IBM and Samsung Electronics have unveiled new semiconductor design that promises to revolutionize the performance of electronic devices, including cell phones. The design utilizes a new vertical transistor architecture that demonstrates a path to scaling beyond nanosheet and has the potential to reduce energy usage by 85% compared to a scaled fin field-effect transistor (finFET).
The global semiconductor shortage has highlighted the critical role of investment in chip research and development and the importance of chips in everything from computing, to appliances, to communication devices, transportation systems, and critical infrastructure. This collaborative approach to innovation makes the Albany Nanotech Complex a world-leading ecosystem for semiconductor research and creates a strong innovation pipeline, helping to address manufacturing demands and accelerate the growth of the global chip industry.
The new vertical transistor breakthrough could help the semiconductor industry continue its relentless journey to deliver significant improvements. For example, it could pave the way for smartphones that run for weeks on a charge and enable semiconductor device scaling to continue beyond nanosheet, among some other interesting possibilities.
“Today’s technology announcement is about challenging convention and rethinking how we continue to advance society and deliver new innovations that improve life, business and reduce our environmental impact,” Dr. Mukesh Khare, Vice President, Hybrid Cloud, and Systems, IBM Research. “Given the constraints, the industry is currently facing along multiple fronts, IBM and Samsung are demonstrating our commitment to joint innovation in semiconductor design and a shared pursuit of what we call ‘hard tech.'”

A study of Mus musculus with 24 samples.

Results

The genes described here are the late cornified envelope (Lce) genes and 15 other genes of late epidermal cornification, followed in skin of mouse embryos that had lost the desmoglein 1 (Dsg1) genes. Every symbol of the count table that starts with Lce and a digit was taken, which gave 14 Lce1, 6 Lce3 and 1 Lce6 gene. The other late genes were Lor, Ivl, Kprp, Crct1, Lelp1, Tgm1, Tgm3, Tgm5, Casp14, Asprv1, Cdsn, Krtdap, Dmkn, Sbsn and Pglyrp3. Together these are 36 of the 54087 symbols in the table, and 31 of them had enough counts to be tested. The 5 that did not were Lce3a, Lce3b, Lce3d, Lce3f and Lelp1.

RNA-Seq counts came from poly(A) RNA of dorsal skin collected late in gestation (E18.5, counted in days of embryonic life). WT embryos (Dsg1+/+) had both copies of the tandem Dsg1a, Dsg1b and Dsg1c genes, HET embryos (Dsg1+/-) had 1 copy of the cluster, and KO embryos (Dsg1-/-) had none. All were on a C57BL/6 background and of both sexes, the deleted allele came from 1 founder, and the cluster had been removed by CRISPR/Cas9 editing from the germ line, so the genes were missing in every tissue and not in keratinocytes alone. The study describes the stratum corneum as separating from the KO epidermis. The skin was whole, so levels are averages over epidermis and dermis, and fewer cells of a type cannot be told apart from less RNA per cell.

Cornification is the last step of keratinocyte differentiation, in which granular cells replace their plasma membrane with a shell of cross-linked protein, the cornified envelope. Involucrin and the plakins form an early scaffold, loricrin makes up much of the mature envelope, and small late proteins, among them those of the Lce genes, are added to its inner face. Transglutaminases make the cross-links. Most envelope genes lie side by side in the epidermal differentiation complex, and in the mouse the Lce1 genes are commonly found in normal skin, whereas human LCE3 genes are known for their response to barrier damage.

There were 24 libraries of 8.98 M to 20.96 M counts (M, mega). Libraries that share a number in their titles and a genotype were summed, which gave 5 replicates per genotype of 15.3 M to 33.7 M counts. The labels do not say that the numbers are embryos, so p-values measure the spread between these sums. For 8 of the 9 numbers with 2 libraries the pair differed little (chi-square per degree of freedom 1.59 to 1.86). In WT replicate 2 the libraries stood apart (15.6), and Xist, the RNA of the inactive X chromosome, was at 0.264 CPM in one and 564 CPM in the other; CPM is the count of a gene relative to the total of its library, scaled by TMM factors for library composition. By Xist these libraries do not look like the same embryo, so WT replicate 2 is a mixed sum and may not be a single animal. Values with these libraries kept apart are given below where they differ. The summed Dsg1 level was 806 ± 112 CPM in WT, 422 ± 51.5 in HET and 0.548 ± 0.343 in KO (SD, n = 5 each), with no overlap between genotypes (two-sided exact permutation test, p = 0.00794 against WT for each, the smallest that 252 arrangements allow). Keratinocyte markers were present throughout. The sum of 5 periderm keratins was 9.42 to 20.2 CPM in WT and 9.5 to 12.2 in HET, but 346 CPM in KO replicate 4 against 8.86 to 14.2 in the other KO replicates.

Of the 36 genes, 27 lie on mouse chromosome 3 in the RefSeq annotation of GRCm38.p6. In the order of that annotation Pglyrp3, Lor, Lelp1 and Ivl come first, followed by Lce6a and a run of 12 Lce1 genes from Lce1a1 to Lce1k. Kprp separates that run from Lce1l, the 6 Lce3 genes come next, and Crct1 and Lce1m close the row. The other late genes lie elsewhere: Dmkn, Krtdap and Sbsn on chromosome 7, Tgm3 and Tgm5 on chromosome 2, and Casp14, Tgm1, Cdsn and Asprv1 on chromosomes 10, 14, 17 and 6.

Transistors have historically been built to lie flat upon the surface of a semiconductor, with the electric current flowing laterally or side-to-side through them. With the new Vertical Transport Field Effect Transistors (VTFET), IBM and Samsung have successfully implemented transistors that are built perpendicular to the surface of the chip with a vertical, or up-and-down, current flow.
According to IBM, the VTFET process addresses many barriers to performance and limitations to extend Moore’s Law as chip designers attempt to pack more transistors into a fixed space. It also influences the contact points for the transistors to boost the current flow and save on energy. Overall, the company says the new design aims to deliver a two times improvement in performance or an 85% reduction in energy use as compared to scaled finFET alternatives.
Back in May, IBM announced its new 2-nanometer (nm) microprocessor, the smallest and most powerful ever developed that allowed the 2 nm chip to fit up to 50 billion transistors on a chip the size of a fingernail. This greatly boosted the performance and efficiency to offer a 75% reduction in energy use compared to industry-standard chips with 7 nm transistors. VTFET innovation focuses on a whole new dimension, which offers a pathway to the continuation of Moore’s Law.
IBM imagines VTFET architecture playing a game-changing role in a number of areas. These chips could allow the Internet of Things (IoT) and edge devices such as ocean buoys, autonomous vehicles, and spacecraft to run on less energy. It could have similar effects on energy-intensive computing processes such as crypto-mining operations and data encryption while also lowering their carbon footprints.